Hvalnes Lighthouse

Hvalnes, Iceland | C.1954

Photo Credit: James Lyle

The Hvalnes Lighthouse is located on the East Coast of Iceland in Hvalnes, a farm and a low headland at the foot of Mt. East Horn.

Built in 1954, and put into operation the following year, this bright orange concrete structure stands 11.5 meters (38 feet) high along the ocean coast and marks a prominent cape, the Austerhorn, on the southeastern corner of the country.

The light still operates to this day with two white flashes that are emitted every 20 seconds from a 29-meter (95-foot) focal plane.

The lighthouse overlooks the Hvalnes Nature Reserve, which harbors some impressive mountain and beach scenery. Directly to the west, Mount East Horn is the most prominent land formation in sight.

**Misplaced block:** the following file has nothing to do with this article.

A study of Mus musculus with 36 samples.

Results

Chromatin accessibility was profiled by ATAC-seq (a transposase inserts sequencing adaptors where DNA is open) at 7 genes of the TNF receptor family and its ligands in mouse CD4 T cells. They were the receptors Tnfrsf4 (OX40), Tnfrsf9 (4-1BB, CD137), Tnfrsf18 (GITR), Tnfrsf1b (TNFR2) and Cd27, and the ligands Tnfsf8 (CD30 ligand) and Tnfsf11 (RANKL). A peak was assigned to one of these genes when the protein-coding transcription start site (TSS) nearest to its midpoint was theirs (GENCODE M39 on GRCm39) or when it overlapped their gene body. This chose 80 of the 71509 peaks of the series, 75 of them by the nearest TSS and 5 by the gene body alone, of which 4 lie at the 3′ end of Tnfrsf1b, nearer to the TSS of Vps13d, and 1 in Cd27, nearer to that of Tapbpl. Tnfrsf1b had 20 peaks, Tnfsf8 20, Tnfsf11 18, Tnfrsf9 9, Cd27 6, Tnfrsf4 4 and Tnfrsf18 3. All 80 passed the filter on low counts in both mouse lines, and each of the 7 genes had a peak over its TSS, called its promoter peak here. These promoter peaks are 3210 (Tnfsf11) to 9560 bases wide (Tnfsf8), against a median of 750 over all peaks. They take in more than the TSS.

This precipitous and high gabbro (coarse-grained, dark-colored, intrusive igneous rock) is a granophyre mountain (sub-volcanic rock) that contains quartz and alkali feldspar at characteristic angular intergrowths. While vegetation is limited to some mosses, metals such as gold, silver, and mercury have been found here.

Over the years, many fishery outfits were situated near Hvalnes because of its close proximity to excellent fishing grounds. Many Icelanders from the northern parts used to come here seasonally to fish and make a living.

Nearby, to the south, you can see the Hvalnes Cove with its black sand beach, which became an authorized trading post in 1912.

Algerian buccaneers actually landed here in 1627, robbed and plundered, but could not find any people, because everyone was busy working in the summer pastures.